Editor's note: This is the last in a series of profiles on newly-elected members of the Camden City Council and School Advisory Board. The series also features Nyemah Gillespie, Shaneka Boucher, Victor Carstarphen, Falio Leyba-Martinez, and Felisha Reyes-Morton.

CAMDEN, NJ — Elton Custis’ parents have both played pivotal — if disparate — roles in his journey as a leader in Camden, which recently culminated in winning a seat on the Board of Education.

His mother, Nazel Custis-Combs, was a “pillar” for him growing up in Parkside. 


Custis-Combs, a single mother for Custis growing up, had at one point held three jobs to support the family with the help of grandparents and other relatives. 

Custis explained that when he was 13, his father, Elton Phillips, faded from his life due to issues with drug addiction. 

Years after he re-entered it when he was starting college around the age of 18, Custis would begin to take steps into a career in mental health — helping individuals dealing with their own issues with addictions. 

“I’m proud to say [my father’s] twenty-one years clean today and I do believe he is the driving force for what I do in helping others get back on track,” Custis said, noting that he speaks over the phone with him every Saturday. 

Now that he’s on the school advisory board, his first time in public office, Custis said he wants to apply the lessons he’s learned from both parents to better the futures of Camden school children.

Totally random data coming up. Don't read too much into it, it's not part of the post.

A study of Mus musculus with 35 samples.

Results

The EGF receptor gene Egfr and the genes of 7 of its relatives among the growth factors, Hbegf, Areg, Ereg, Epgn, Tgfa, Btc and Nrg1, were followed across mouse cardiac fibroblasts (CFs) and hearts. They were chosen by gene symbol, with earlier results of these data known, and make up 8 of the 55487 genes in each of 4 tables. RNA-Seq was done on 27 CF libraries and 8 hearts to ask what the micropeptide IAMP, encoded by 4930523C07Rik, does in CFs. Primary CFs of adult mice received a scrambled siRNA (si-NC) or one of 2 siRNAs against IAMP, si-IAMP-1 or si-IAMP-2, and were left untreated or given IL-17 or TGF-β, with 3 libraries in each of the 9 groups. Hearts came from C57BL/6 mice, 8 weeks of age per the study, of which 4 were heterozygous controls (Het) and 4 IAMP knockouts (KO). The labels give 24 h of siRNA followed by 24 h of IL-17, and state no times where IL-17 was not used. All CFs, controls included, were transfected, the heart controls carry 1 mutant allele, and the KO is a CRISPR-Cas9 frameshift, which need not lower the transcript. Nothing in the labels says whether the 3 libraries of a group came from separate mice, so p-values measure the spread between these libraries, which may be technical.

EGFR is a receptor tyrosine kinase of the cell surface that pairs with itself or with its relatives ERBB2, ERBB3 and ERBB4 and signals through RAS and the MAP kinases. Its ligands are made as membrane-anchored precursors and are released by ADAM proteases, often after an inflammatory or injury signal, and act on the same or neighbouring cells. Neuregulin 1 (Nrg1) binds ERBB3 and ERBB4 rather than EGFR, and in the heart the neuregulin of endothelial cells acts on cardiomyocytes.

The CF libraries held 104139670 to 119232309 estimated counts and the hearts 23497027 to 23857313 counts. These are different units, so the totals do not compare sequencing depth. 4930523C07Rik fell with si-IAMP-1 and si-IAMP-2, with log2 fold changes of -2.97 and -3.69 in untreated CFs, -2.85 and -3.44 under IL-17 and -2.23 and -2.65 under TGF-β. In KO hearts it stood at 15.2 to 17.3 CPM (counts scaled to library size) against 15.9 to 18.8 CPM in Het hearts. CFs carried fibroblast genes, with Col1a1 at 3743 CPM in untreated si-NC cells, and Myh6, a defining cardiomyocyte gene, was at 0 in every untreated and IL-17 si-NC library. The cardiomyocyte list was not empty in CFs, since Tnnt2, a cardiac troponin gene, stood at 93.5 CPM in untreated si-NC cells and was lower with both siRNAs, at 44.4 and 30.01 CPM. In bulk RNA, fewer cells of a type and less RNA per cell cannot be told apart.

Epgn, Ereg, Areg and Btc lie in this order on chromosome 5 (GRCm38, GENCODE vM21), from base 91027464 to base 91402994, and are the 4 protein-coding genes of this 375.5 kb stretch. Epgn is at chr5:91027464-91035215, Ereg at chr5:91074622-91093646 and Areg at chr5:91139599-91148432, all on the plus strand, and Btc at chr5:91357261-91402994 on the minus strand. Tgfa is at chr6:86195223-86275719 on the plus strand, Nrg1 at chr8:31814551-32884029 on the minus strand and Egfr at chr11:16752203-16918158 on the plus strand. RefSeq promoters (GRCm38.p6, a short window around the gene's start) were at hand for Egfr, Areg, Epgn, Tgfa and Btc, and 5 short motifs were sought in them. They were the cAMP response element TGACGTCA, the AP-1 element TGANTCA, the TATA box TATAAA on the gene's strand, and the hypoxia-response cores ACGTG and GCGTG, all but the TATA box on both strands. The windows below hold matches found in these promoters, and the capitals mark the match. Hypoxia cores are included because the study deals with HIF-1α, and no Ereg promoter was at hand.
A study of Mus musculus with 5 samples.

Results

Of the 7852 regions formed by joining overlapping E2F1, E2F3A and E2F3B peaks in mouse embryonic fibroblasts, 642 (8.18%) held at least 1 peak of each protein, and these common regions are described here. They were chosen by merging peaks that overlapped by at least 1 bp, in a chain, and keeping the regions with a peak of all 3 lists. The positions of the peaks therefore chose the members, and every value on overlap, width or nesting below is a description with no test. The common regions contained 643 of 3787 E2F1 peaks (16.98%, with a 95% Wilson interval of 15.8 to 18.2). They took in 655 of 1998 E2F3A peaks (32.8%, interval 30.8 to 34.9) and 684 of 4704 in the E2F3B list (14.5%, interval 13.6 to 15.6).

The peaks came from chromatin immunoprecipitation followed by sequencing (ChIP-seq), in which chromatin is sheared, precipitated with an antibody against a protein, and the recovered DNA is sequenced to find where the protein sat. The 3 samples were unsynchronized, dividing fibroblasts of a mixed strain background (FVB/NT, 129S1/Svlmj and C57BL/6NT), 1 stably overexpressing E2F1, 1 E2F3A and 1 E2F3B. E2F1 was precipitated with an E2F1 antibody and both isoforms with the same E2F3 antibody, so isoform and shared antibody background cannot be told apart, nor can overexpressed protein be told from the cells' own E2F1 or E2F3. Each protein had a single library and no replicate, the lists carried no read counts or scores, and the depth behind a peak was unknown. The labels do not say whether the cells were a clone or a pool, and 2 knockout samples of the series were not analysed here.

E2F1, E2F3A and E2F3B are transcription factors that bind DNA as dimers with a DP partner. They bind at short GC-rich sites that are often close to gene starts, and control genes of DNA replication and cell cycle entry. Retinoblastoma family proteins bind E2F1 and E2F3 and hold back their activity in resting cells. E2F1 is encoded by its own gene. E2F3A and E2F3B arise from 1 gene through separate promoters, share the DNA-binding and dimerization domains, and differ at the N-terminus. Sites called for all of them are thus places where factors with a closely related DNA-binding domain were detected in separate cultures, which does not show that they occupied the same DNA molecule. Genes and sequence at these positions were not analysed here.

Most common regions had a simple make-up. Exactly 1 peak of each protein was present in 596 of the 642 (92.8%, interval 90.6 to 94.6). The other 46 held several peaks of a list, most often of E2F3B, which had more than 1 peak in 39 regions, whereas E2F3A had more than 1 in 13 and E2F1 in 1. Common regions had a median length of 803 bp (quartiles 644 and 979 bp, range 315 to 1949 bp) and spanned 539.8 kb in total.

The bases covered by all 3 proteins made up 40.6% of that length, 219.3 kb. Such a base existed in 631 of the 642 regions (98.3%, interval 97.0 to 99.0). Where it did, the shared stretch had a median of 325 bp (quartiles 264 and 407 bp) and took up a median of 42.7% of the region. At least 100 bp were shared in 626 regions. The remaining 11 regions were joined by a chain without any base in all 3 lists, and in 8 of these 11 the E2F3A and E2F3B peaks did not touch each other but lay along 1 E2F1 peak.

In large part he wants to alleviate any internal hardships children may be keeping to themselves. 

“We have a stigma about mental health in the community. No one wants to talk about it. No one wants to reach out for help. People say ‘get it together’ but depression has no name, bi-polar [disorder] has no color. These things are pivotal in anybody’s life so we have to learn to lighten the burden,” Custis said.

Custis in every class

Any classroom in Camden would benefit from having a fifth-grade version of Custis, he joked. 

Back then, he recalls he and other Parkside students being unsatisfied about the lunch options. 

So what did he do? Start a petition.

“I’ve always been mature for my age and I’ve always been outspoken,” Custis explained. “I never let anyone talk down to me. I didn't care what role you were in...even with my family I was challenging, which I admit got me in trouble sometimes.”

Like the students that surrounded him in elementary school and motivated him to take action, Custis said something similar could be said about running for school board last year. 

He’d had previous runs, in 2009 for mayor and around 2013 for City Council. 

When the opportunity to run for a seat representing schools arose — it being the first time the school board would be elected instead of appointed — Custis said he was hesitant at first.

I soon realized, “this was an opportunity for us to really have a voice as far as what the Camden School District needs to do,” Custis said. “I would say the community led me into running and looking back…[I’m] happy that was the case.” 

Custis has helped inspire up-and-coming Camden advocates with other initiatives locally as well such as the Daelight Foundation, the Camden We Choose Coalition and Phi Beta Sigma Fraternity, Inc.’s Zeta Rho Sigma chapter.

“The city has been silent for so long. We have been told who our next leaders are going to be and now it delights my heart to see more young people stepping up,” Custis said. “We need more of that.”

Note: This interview was conducted prior to the coronavirus outbreak. Anyone in Camden seeking help with their mental health can view services here.